In this article, I will provide an assessment of his development so far – looking at his stats playing in a midfield role, comparing his stats using the data hub, and looking how viable an option this whole thing could be on a permanent basis.
Training & Development
If you missed how I set Trent’s training schedule up to try and achieve our goal, it is covered in part one, linked above. In line with a slightly tactical tweak in my 3-4-3 system, I am considering altering Trent’s training focus to fit that, but we will get onto the tactical side of things in due time.
Three months may seem like a sizeable period of time to some, but when you’re talking about training a player in a new position, it is hardly a blink. The image above shows us how TAA has developed since the start of the season – we can already see some improvement linked to our training focus. Now, for the first month or so of his CM training, I added an extra training focus onto his regime that aimed to improve aspects like first touch, technique etc.: all of these attributes for Alexander-Arnold are superb, but I wanted to improve his dribbling, which stood at 12/20. While this attribute still stands at 12, you can see by the curve on the development graph that he has made a slight improvement in his dribbling.
To get more perspective on his development, the tactical familiarity measures on the right side of the screen shows us that while he is extremely capable of playing in our current tactical system, he is still awkward when it comes to playing as a midfielder. One positive note is that his familiarity as an AMC has gone from red to orange, showing a development in playing that role. However, in recent weeks I have adapted the formation to play with a MC rather than an AMC, so I am considering switching TAA’s training to focus on becoming a better MC – this will also give him a better chance at perfect that role as he plays there more often than a more advanced role.
We are 10 games into this experiment, and it hasn’t been woeful, but it hasn’t been ground-breaking either. Three assists playing as a midfielder from 10 games is a promising start, but his average rating of 6.86 suggests that his general game as a midfielder still needs work and match minutes.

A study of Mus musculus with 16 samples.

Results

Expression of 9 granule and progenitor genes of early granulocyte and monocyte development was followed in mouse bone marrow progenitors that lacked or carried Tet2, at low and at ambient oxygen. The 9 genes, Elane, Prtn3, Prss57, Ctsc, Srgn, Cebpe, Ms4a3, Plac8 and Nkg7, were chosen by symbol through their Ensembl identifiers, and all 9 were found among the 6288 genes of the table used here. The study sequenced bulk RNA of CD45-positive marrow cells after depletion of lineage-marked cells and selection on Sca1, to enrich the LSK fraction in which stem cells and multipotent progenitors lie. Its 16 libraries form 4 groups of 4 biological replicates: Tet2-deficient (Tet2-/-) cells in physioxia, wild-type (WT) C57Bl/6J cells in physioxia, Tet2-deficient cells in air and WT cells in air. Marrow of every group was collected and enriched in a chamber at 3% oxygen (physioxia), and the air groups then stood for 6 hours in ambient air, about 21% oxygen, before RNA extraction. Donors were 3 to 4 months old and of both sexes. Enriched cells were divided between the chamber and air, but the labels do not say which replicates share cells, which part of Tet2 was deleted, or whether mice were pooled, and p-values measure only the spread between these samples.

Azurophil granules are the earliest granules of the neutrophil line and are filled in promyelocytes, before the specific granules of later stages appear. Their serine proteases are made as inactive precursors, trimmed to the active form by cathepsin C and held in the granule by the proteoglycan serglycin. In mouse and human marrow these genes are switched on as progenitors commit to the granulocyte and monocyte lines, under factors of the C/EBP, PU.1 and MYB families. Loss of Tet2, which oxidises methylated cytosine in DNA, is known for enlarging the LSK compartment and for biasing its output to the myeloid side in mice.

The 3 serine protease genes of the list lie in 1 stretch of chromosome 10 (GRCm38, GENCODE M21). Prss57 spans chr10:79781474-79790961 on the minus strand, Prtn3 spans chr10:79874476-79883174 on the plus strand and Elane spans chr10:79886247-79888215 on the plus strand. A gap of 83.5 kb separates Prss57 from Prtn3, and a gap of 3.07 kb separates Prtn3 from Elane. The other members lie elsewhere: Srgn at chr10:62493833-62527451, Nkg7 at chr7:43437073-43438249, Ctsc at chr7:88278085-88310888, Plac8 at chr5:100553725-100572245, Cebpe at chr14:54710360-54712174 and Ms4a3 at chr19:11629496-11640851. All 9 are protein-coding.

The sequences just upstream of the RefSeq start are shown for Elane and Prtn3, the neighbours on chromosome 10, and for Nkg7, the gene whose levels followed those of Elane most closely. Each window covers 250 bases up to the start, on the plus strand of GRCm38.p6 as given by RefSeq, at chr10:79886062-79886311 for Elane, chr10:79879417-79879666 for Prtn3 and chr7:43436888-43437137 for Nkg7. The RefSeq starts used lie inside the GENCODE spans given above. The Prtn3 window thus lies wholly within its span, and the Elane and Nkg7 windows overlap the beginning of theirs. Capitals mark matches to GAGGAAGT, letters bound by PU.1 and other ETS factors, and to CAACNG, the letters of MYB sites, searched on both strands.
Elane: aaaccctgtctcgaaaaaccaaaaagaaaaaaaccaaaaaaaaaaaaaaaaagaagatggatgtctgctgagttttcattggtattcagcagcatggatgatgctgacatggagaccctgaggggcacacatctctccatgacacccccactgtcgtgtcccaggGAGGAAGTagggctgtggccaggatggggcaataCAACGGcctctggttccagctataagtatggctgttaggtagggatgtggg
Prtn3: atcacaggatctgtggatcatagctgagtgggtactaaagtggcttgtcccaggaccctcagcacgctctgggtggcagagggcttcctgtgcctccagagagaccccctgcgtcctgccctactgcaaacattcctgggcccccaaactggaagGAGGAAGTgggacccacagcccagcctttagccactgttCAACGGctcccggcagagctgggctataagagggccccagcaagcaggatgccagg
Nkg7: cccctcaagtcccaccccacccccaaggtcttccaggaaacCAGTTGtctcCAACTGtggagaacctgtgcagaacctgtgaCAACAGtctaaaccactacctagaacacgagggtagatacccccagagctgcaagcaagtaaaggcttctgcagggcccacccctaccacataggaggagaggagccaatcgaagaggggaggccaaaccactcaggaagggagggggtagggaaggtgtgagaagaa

Looking at Trent’s stats and attributes etc isolated is one thing, but a true measure of his impact can be seen when comparing his data to other players. I have once again turned to the data hub to look at his midfield ability against the rest of the league, but also considered his ability next to my existing set of players.
Focusing on the ratings in the bottom right of the screen, he holds the same ability as a number of established midfielders in my squad, and has the potential to reach the levels of Thiago – which would be amazing. The depth I have in midfield is important too, as I don’t yet want to rely on Trent playing in midfield: sometimes I still need his presence at right-wing back.
This polygon graph shows us Alexander-Arnold’s performance data compared against other players in the Premier League. Now, it is important to remember that this data includes Trent’s performances at right-wing back as well, it just compares all of his total data against the rest of the league.
He absolutely shines in some areas – ones we’d expect like assists per 90 minutes, key passes per 90 minutes, and progressive passes per 90 minutes: he ranks amongst the league’s highest in these areas. His xG from open play also shows him in a good light, and this is something he will need to keep up in the quest to add goals to his game. As you can see, he doesn’t pose a huge threat directly on goal, ranking low in the shots per 90, for example.
When I feel it is necessary, Trent will play at right wing-back – in games where we aren’t the favourites, for example. Jordan Henderson, James Milner, and Calvin Ramsey were all sharing the responsibility of playing right-wing back when TAA was in midfield, so I felt the need to strengthen in that area. So I went back to the BETA days of FM23, where I played as Torino, so I know their squad fairly well. Wilfried Singo, a right-sided player, impressed in that time, so he was my go-to option – I wanted to sign a player quickly without waiting months for scouting results. I must admit, his ratings in context of my squad are slightly disappointing, but I have faith that he will develop into a top player, and so far, he has proved to be a decent signing. He is for sure my first choice right-back when TAA is in midfield.
This experiment clearly will take a while to take full effect. The early signs are promising, so I intend to continue Trent’s midfield training, and giving him match minutes in that position when feasible. Looking at the bigger picture, even if I end up having to use him as a RWB more, at least I have more depth in that position after the acquisition of Singo.